Organizational Effectiveness

Delivering Results


Leadership is about doing your best and bringing out the best in others. This is my favorite definition of leadership, because you don’t have to be the leader in order to be a leader. As leaders, we have the obligation to ensure that our decisions, actions, and resources effectively support the organization’s mission, vision, and values.

Organizational effectiveness is the efficiency in which an organization delivers results. People often ask me about specific ways in which they can contribute to their organization’s effectiveness. Below are two helpful frameworks for exploring this topic. 

Cybernetic Leadership 


In the book How Colleges Work, Robert Birnbaum describes characteristics of cybernetic leaders: 
 
Nicole Rovig overlooking a canyon
The Valley of Fire 2016
Know their staff well. They achieve status by being able to sincerely articulate the unspoken concerns of others.

Recognize that listening and influencing are reciprocal in nature. The more we listen to others, the more others listen to us. We influence others by allowing ourselves to be influenced.
 
Seek out diversity of thought. They find ways to support norms that encourage diversity of thought in discussion and analysis.
 
Pay substantial attention to the processes through which information is disseminated. To the extent possible, communications should be timely, open, and transparent. Good leaders consistently provide forums for interaction, feedback, and questions.
 
Demonstrate humility. When facing undesirable behavior, ask “what am I doing that may be influencing what is happening?” (Birnbaum, 1988, p. 210). Upon encountering a problem ask “what is within my power to do to solve this problem that will not create more serious problems in the future?” (p. 211).
 
Birnbaum also highlights the importance for leaders to recognize and understand culture. Culture determines “what is done, how it is done, and who is involved in doing it” (Tierney, 2008, p. 24). It influences what individuals believe and how they behave. Understanding and honoring culture:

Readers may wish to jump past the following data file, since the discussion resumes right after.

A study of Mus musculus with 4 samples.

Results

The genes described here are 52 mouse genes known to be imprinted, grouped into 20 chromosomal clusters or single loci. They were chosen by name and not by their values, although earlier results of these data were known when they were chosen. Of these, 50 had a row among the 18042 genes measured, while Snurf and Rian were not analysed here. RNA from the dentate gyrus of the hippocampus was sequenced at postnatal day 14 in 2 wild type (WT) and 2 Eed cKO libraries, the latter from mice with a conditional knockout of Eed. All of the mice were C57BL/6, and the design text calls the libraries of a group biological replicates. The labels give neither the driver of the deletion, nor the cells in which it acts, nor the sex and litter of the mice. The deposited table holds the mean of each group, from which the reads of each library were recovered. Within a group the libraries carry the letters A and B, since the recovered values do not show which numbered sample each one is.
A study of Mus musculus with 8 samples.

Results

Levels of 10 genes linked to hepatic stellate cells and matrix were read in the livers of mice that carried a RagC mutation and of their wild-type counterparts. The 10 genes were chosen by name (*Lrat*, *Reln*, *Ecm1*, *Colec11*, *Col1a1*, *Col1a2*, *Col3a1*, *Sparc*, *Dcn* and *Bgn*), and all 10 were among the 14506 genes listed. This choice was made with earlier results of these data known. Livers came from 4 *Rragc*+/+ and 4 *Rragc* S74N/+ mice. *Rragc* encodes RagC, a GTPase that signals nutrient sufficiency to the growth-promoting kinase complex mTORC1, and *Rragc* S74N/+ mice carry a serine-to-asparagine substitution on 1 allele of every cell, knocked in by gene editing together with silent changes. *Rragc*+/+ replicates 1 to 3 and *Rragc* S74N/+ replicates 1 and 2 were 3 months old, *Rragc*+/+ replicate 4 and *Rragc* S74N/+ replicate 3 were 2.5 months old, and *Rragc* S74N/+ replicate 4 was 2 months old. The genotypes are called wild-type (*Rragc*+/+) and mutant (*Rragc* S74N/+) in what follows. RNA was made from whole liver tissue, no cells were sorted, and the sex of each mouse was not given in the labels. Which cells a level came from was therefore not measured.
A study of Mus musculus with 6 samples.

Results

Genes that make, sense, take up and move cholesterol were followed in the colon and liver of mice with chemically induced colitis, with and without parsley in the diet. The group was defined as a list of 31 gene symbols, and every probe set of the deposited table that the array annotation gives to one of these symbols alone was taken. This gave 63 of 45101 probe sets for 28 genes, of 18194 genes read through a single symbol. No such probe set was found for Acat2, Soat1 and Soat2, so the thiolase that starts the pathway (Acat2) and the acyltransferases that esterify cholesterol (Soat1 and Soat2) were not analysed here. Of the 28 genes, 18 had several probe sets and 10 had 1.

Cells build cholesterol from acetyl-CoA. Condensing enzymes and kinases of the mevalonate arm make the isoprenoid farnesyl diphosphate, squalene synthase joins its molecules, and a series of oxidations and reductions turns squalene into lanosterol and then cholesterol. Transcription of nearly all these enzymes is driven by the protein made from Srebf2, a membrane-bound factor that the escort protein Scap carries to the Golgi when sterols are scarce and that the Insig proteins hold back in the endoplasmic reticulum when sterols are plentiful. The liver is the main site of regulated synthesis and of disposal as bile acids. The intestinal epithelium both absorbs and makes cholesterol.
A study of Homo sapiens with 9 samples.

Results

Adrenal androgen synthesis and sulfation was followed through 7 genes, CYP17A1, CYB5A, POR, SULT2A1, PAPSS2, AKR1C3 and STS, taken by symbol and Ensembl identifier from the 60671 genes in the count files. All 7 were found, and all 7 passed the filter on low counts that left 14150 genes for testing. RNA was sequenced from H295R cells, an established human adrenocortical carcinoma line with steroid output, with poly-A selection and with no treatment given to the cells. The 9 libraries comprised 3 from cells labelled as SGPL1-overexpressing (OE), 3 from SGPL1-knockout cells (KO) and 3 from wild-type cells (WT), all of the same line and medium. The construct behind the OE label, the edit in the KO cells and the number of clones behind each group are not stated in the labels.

• reinforces belief in supporting the mission;
  • helps with understanding and managing an organization;
  • leads to a shared understanding of what constitutes excellence;
  • reduces the negative effects of adversarial relationships; and
  • helps with understanding how to best communicate to various groups.

Translating Leadership into Strong Management 


Daniel Stid and Kirk Kramer, partners at the Bridgespan Group, authored a white paper on organizational effectiveness and found that effective organizations demonstrated strength in five areas: 

1. Leadership. Leaders must be able to translate their strategic vision into specific goals and action items. They must be highly effective at communicating their vision, strategy, and priorities throughout the organization. 

2. Decision making and structure. Pay close attention to decision-making roles and processes in order to make efficient, responsive, and transparent decisions. Doing so will also create a pathway for people to effectively coordinate their work across organizational boundaries.  

3. People. It’s paramount for employees to feel that their work aligns with and supports the priorities of the organization. Performance evaluations should be leveraged to ensure employees are evaluated, developed, and rewarded in alignment with the organization’s priorities. In addition, leaders should place an emphasis upon building leadership capacity throughout the organization to assist with leadership transitions and succession. 

4. Work processes and systems. Increase employees’ productivity and quality of work by spending time clarifying and refining work processes, and making them explicit and accessible to employees. 

5. Culture. Culture is ever-changing and dynamic. Effective leaders find ways to build upon the strengths of an organization’s culture.
 
 

We rise by lifting othersReflections 


Being a good leader and manager is the key to organizational effectiveness. Improving and refining your leadership and management skills requires constant inquiry, learning, and practice. It’s all about the journey, not the destination. Each day is a new opportunity to do our best and bring out the best in others.  

 

References

 

 
Birnbaum, R. (1988). How colleges work. San Francisco: Jossey Bass. 

Tierney, W. G. (2008). The impact of culture on organizational decision making (pp. 3-27). Sterling, VA: Stylus Publishing, LLC.